Forget the quarterbacks, the skill players and even the superstar defenders. Apologies to both Dak Prescott and Ezekiel Elliott, who have each been fantastic in their own way, but the real NFL MVP(s) belongs to the Dallas Cowboys’ offensive line.
Sure, the award will actually never be handed out for a ‘group’ effort, but their dominance deserves the highest recognition. They have a top three left tackle in Tyron Smith, a top three center in Travis Frederick, and the best guard in football in Zack Martin.
Ronald Leary, who is only starting because La’el Collins went down with a season-ending injury, has been lights-out as both a run-blocker and a pass-protector. The ‘weakest’ link of this group would be right tackle Doug Free, who is a middle-of-the-pack right tackle playing just fine.
Their starting quarterback, a fourth-round rookie, has thrown for 18 touchdowns and only 2 interceptions. None of their efforts should be discredited, but the offensive line in front of them is the ultimate supplement.
Prescott has been sacked 15 times in 11 games this year. In comparison, Andrew Luck was sacked 41 times his rookie season. Marcus Mariota was sacked 38 times in 2015. Ryan Tannehill was sacked an average of 46 times per season in his first four. You get the idea here. While Prescott has flourished on his own as an efficient passer, runner and team leader, the line in front of him has been incredible.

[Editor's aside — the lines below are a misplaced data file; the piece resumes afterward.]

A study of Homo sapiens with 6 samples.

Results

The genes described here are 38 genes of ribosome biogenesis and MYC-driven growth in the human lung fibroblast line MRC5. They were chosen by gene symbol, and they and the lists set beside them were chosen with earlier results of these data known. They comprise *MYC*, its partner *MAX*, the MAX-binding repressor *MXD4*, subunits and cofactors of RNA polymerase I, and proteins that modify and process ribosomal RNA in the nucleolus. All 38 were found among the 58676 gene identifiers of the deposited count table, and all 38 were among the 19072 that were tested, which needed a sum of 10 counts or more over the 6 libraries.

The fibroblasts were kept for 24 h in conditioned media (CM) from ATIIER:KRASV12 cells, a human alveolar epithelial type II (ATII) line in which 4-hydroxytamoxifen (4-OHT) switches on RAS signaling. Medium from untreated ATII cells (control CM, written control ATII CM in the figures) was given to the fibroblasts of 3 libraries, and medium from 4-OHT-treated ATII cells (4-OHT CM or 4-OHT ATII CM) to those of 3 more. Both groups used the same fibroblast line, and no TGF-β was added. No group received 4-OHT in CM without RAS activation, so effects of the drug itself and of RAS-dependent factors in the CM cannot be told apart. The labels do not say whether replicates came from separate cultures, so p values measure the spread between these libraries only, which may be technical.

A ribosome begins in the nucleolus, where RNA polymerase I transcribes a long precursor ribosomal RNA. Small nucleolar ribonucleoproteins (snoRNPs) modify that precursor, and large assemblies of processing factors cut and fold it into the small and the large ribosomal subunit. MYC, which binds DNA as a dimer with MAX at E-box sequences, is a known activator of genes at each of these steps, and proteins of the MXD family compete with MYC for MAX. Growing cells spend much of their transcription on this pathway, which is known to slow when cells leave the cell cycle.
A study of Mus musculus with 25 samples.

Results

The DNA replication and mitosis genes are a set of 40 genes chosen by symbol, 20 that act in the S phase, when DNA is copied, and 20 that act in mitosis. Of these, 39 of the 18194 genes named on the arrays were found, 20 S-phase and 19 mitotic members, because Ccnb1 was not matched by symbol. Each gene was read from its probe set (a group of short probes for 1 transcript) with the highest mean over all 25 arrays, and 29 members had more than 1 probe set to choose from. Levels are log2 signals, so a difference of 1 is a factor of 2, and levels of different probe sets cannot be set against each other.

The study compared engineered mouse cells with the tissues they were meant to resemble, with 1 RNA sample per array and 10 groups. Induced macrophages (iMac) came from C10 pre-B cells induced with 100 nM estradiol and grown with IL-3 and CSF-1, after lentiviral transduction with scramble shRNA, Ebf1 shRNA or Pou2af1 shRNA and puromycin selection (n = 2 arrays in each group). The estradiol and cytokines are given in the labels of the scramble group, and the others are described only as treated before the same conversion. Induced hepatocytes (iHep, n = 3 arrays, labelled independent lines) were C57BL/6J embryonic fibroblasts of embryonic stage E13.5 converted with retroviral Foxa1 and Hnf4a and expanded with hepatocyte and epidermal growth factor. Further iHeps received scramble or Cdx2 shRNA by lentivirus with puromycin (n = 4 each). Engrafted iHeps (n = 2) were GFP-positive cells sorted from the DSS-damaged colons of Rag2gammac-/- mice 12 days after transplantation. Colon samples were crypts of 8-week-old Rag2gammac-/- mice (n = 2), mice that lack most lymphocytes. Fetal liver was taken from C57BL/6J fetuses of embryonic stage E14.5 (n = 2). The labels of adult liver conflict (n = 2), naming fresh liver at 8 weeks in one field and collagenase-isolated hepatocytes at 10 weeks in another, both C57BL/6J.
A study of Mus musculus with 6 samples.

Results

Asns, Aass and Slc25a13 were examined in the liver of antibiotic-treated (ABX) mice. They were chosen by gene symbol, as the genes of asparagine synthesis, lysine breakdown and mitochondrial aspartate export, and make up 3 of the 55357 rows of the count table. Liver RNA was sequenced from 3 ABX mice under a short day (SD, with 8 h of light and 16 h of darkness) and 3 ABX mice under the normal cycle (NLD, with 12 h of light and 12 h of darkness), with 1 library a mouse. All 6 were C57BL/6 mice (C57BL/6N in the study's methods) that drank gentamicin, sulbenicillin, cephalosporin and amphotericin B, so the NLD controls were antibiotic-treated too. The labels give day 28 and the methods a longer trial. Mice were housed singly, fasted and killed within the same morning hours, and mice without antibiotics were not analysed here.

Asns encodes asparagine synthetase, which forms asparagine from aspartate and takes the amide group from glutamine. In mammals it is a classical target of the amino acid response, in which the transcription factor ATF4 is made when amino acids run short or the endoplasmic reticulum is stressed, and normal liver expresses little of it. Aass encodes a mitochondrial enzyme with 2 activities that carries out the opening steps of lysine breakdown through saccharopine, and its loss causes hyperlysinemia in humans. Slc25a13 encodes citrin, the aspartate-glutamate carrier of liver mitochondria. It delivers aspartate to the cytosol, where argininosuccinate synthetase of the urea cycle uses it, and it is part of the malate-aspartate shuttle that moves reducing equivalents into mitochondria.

Frederick is only one of a handful of starting NFL centers who have not allowed a sack this season. Between him, right guard Martin and left guards Leary and Collins, the Cowboys’ interior offensive line has been responsible for allowing only one sack over the entire season.
Ezekiel Elliott, the far-away front-runner for offensive rookie of the year, is on pace for 1,744 rushing yards and 16 touchdowns on 353 carries (4.9 yards per attempt). He’s been superb, forcing 38 total missed tackles while only losing one fumble. He hasn’t recorded a single drop and is already one of the best pass protecting running backs in the NFL.
He’s carved up defenses running behind the same elite group that turned the fossil of Darren McFadden into a 1,000 yard rusher in 2015. Elliott’s speed, cutback ability and power in the open field has added a new dimension to the Dallas offense. While he’s produced on his own, averaging 2.9 yards after contact (tied for 10th in the NFL), over 500 of his rushing yards have come before contact. Yet another tip of the cap to the maulers doing work in the trenches.
The NFL MVP trophy has gone to a quarterback 8 of the past 10 seasons. The other two went to historic seasons from running backs LaDainian Tomlinson and Adrian Peterson. There is a trend with this trophy and on paper, it will never be written down as a group effort. With that being said, when discussing the truly most valuable aspect of any team in all of football, it is hands down the Dallas Cowboys offensive line.